Constitutional and Electoral Reform and a Referendum on Independence

A referendum on Independence for Scotland

Devolution and the Scottish Parliament have been a big step forward, not least because the Scottish Parliament elections include some MSPs elected by proportional representation (though all should be).

However the Scottish Parliament lacks power over even many vital domestic policies – from energy policy and railways in Scotland to immigration, health and safety, social security and employment law.

The Afghanistan and Iraq wars, the London bombings and attempted Glasgow airport attack and the risk of British involvement in a US-led war on Iran (even under Obama), all the results of decisions which no Scottish government could have got through the Scottish Parliament, all suggest we need control of our own foreign policy too – which means independence, either inside Europe (like Sweden) or outside Europe (like Norway).

It was not a co-incidence that London and Glasgow and Madrid were all the targets of terrorist attacks, while Oslo and Stockholm were not. Britain and Spain had troops in Iraq at the time of both bombings – Norway and Sweden didn’t. Being part of the UK is not making us safer, but putting us in greater danger.

Being independent within the EU would give us the economic security and the protection of being part of a larger bloc without bringing the risks on us which British governments have by following US foreign policy.

Many people are against independence and in any referendum on whether to stay part of the UK or not they would have the same say and vote as everyone else. If a referendum is held then the majority will decide whether Scotland stays as part of the UK, is independent within the EU, or independent outside the EU.


Proportional Representation for all elections

P.R is the only fully democratic election system, because it’s the only one in which everyone’s vote counts equally. Under first-past-the-post systems (like those for the Westminster Parliament and for the first vote in Scottish Parliament elections) any votes which don’t go to the candidate who got most votes in that constituency simply don’t count at all – they’re effectively counted, then thrown in the bin as far as representatives elected goes.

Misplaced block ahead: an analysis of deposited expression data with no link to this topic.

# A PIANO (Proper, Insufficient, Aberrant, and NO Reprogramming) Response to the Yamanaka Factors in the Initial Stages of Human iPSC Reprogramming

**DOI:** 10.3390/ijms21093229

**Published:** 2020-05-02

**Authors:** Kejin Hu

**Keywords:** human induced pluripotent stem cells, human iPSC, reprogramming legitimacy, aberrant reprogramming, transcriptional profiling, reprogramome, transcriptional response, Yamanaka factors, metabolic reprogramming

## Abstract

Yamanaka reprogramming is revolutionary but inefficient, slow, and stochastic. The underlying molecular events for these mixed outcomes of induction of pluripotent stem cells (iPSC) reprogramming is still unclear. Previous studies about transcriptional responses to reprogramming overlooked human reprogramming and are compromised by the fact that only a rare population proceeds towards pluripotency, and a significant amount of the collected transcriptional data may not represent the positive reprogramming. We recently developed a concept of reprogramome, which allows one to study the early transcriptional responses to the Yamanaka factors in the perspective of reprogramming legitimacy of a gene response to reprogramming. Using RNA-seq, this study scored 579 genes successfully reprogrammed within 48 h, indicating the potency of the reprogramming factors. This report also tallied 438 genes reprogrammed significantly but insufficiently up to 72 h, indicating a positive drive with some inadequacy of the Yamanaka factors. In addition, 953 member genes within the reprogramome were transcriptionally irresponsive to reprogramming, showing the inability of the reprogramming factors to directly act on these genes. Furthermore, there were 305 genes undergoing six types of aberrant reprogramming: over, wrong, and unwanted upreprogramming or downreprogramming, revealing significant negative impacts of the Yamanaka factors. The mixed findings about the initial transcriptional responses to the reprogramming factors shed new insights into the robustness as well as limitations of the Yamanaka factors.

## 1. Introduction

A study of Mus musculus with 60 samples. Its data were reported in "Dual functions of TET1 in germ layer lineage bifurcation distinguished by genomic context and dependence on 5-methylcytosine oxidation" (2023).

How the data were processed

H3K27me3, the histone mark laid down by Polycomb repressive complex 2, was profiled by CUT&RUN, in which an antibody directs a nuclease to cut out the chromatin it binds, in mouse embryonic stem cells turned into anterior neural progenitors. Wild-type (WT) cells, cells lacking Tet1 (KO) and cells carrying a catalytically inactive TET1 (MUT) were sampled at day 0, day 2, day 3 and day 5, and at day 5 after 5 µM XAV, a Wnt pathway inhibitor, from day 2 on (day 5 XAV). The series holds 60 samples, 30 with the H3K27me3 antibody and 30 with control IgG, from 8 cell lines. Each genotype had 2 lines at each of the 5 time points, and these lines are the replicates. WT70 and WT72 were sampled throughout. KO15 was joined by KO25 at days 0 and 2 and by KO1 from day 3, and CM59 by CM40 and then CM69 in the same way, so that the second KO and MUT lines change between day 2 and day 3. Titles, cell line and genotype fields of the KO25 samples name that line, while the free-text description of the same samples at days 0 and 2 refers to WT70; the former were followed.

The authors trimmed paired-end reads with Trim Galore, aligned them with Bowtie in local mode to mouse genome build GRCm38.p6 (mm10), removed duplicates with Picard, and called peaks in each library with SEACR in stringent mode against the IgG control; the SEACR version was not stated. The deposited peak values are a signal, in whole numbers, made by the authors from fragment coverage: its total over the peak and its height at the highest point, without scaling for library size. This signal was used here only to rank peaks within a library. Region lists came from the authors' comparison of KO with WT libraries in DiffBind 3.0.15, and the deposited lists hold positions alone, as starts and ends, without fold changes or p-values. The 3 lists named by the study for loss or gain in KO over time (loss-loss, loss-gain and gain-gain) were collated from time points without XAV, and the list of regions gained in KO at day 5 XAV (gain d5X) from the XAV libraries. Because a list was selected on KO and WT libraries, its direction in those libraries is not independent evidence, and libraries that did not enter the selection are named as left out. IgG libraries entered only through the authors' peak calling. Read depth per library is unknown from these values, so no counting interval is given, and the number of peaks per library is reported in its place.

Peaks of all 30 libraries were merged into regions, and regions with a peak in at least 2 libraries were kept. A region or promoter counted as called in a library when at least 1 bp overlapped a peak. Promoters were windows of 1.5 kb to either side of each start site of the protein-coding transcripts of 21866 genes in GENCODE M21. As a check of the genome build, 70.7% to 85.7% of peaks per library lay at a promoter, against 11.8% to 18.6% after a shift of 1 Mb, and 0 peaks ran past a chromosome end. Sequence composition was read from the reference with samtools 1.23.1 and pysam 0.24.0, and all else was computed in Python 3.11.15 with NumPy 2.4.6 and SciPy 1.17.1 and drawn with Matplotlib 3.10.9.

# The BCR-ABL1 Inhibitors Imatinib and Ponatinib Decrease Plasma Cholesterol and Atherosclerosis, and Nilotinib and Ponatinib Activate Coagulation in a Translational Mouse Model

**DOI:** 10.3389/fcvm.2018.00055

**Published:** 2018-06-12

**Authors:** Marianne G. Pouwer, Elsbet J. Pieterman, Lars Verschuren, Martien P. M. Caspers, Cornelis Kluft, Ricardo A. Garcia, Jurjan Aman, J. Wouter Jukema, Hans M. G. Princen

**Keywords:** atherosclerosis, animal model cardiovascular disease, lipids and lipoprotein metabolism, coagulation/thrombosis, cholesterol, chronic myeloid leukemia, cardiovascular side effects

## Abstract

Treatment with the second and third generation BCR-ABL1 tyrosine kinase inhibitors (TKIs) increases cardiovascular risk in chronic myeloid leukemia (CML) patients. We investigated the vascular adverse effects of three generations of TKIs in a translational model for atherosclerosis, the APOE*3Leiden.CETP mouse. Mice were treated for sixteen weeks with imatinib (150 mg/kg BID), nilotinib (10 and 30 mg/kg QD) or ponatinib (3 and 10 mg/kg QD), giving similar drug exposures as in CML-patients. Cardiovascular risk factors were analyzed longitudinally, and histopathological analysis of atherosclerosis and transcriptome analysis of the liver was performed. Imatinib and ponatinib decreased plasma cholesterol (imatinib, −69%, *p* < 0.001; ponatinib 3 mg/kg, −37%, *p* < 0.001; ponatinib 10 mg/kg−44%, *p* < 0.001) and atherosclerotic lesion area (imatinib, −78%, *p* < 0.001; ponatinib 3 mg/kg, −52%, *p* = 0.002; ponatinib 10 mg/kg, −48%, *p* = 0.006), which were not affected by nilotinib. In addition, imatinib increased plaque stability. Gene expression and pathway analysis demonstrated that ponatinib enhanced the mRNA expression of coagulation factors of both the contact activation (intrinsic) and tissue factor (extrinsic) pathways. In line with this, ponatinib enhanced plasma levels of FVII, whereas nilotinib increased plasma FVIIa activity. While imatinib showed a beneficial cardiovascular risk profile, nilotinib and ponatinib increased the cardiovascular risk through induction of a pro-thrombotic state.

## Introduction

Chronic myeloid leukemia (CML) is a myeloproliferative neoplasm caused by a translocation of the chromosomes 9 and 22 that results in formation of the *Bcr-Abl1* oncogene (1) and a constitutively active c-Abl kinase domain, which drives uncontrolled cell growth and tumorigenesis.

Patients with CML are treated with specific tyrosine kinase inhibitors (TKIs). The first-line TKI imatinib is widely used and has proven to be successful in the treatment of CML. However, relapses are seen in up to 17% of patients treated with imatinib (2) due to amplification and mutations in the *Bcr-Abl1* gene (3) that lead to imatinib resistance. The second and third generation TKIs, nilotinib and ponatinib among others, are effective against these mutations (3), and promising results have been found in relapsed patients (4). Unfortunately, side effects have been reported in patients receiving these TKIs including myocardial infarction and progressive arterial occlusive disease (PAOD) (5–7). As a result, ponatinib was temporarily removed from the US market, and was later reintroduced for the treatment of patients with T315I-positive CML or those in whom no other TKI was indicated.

There is no truth in the claim that PR results in greater control for party leaders, that’s only true where parties are not internally democratic. Any bill to make all elections by proportional representation could also include a clause to require the position of candidates on a party list to be decided by a vote by party members, with candidates for that party ranked on the party list

Independent candidates (i.e candidates who are not members of any party) and small parties would stand a much better chance of being elected under proportional representation. The Scottish Parliament’s Additional Member System (the 2nd vote on the regional list by PR in Scottish Parliament elections) shows that in Scotland it would be independent candidates, Greens, Socialists and campaigners for the elderly who would be elected under P.R here, not the BNP. In England the BNP might gain some seats for a while, but non-racist small parties and independents would gain far more.

The Alternative Vote system proposed by the Labour party would be an improvement on first-past-the-post, allowing voters to vote for three candidates in order of preference (1st, 2nd and 3rd).  However it would still mean that once one candidate got over 50% of the vote no other votes in that constituency would count. So rather than say up to 60% of the vote going uncounted in many constituencies under first-past-the-post.


A written and codified constitution, drafted by an elected constitutional assembly

The UK's 'unwritten' constitution has in effect been no constitution at all, with the exception of the general principles of the legal systems of England and Wales on the one hand, Scotland on the other and the embodiment of European Human Rights treaties into law with the Human Rights Acts (which the government 'opts out of' whenever it feels like it).

While some documents and principles exist in English and Welsh law and in Scots law they have not been codified into any kind of single written constitution. Whether the UK stays together or Scotland becomes independent we need a codified, written constitution. The best way to write one is to have elections to a temporary constitutional assembly to draft a new constitution.